Sustainable fashion platform Manufy: Upgraded version with more functionalities
Manufy, a marketplace for sustainable fashion production, has launched a new version of their platform. The platform connects conscious brands with sustainable manufacturers in hopes to create a cleaner future for the clothing industry. Now decked out with many more functionalities, Manufy aims to facilitate sustainable business between both parties from start to finish.
Over the course of the last year the Manufy team has been busy gathering feedback from its growing user base. The platform started out as a place where manufacturers and brands from Europe could connect and chat with each other, but the team found out both parties wanted more. “We constantly reached out to our users to listen to their needs. We’ve compiled all those ideas and implemented them in version two!” says Michiel Dicker, co-founder of Manufy.
Not only a full visual transformation, but many functionalities were added: “Users can now easily start a sampling process, organise projects from start to finish and get sustainability insights” Dicker says. “Manufy is becoming your one-stop-shop for all your sourcing needs!”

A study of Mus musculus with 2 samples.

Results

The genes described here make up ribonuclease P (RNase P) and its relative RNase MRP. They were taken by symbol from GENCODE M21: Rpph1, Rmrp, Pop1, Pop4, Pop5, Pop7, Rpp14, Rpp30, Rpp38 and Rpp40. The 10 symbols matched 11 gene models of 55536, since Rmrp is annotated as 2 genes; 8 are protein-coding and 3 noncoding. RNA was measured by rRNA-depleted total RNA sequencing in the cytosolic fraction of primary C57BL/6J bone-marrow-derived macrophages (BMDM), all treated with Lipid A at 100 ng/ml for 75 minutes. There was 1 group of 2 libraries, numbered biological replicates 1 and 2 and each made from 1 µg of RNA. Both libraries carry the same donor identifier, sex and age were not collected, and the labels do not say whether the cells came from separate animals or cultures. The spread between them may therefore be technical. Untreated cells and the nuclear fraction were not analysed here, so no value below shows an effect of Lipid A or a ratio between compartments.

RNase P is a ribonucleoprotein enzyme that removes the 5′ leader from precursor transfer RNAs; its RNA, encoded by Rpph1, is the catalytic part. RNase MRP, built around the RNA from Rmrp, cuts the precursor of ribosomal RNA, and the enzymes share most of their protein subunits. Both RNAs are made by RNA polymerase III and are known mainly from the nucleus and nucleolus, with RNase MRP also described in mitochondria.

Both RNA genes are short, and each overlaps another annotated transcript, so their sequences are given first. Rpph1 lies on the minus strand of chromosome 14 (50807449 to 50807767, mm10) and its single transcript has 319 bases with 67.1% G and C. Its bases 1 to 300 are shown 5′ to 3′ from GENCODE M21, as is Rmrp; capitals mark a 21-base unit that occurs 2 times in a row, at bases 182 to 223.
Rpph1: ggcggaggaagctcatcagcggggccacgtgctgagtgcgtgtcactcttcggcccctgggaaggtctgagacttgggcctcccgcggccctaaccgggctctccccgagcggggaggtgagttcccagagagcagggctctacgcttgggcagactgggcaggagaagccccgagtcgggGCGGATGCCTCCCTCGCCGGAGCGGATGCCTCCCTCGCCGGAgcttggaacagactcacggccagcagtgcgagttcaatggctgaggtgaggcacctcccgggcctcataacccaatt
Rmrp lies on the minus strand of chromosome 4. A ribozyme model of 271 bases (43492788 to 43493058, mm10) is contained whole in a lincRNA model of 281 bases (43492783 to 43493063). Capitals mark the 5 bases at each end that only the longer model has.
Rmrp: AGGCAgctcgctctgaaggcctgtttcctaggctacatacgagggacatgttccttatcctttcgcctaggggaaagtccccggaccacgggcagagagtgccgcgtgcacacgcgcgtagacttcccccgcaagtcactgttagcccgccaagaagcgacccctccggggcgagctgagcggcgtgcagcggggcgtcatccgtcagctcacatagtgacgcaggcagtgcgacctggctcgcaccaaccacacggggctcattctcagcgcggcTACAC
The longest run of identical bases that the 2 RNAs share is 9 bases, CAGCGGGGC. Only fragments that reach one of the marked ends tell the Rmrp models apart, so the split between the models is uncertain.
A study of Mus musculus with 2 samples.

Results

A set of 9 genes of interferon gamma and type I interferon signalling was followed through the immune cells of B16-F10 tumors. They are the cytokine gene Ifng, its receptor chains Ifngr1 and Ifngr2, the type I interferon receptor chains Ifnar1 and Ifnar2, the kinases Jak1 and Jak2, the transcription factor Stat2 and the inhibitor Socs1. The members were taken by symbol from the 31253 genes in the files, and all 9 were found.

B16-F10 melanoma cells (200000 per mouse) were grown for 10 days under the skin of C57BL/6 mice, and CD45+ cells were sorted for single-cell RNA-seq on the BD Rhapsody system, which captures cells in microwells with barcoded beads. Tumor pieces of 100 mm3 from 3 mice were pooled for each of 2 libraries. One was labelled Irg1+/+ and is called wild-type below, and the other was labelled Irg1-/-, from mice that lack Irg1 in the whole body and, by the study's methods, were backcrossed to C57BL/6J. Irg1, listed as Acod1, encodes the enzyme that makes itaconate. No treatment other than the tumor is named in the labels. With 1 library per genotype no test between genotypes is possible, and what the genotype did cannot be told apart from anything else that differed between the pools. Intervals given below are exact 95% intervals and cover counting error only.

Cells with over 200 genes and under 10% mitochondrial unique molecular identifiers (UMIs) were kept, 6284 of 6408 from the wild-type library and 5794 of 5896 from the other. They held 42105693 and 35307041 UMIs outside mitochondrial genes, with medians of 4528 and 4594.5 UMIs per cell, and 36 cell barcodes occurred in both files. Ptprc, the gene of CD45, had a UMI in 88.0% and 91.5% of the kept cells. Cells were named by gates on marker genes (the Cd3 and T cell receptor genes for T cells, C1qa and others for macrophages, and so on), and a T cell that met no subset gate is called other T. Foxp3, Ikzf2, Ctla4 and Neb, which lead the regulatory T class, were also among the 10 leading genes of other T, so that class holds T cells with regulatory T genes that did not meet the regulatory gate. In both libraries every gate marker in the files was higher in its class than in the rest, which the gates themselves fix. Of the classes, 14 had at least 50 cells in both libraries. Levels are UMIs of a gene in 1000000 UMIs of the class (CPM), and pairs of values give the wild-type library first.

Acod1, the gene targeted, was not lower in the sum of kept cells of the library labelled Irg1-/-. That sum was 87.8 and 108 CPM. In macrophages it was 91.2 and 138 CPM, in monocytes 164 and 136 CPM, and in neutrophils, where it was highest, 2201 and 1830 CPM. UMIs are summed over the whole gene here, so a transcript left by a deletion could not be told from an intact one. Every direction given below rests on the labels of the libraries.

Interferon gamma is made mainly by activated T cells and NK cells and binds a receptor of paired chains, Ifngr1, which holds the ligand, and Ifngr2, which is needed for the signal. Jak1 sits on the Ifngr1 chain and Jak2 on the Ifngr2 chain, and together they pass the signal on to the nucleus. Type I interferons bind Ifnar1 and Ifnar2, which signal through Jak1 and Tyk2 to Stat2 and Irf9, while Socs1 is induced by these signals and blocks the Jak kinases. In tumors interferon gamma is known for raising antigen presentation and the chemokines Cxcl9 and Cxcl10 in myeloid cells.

The start-up, which launched in december of 2020, has seen a sharp increase in user activity over the last year. With trade shows being canceled due to covid, lots of manufacturers and brands were looking for new ways to do business. Going digital was one of the logical steps.
The production requests being placed on the platform cover a wide range of garments. Hoodies and t-shirts are popular, but the Manufy team also sees lots of shoes, caps, bags, dresses, swimwear and lingerie requests coming in.
Another notable trend in the industry is the ever growing demand for sustainable clothing production. With reports on climate change coming out and more and more consumers asking for sustainable alternatives, brands are making an effort to source their products more responsibly. The fashion industry, being the second largest polluting industry, needs a sort of paradigm shift. “We should focus more on making lower quantity, higher quality products. Making it on demand would be best” says Dicker.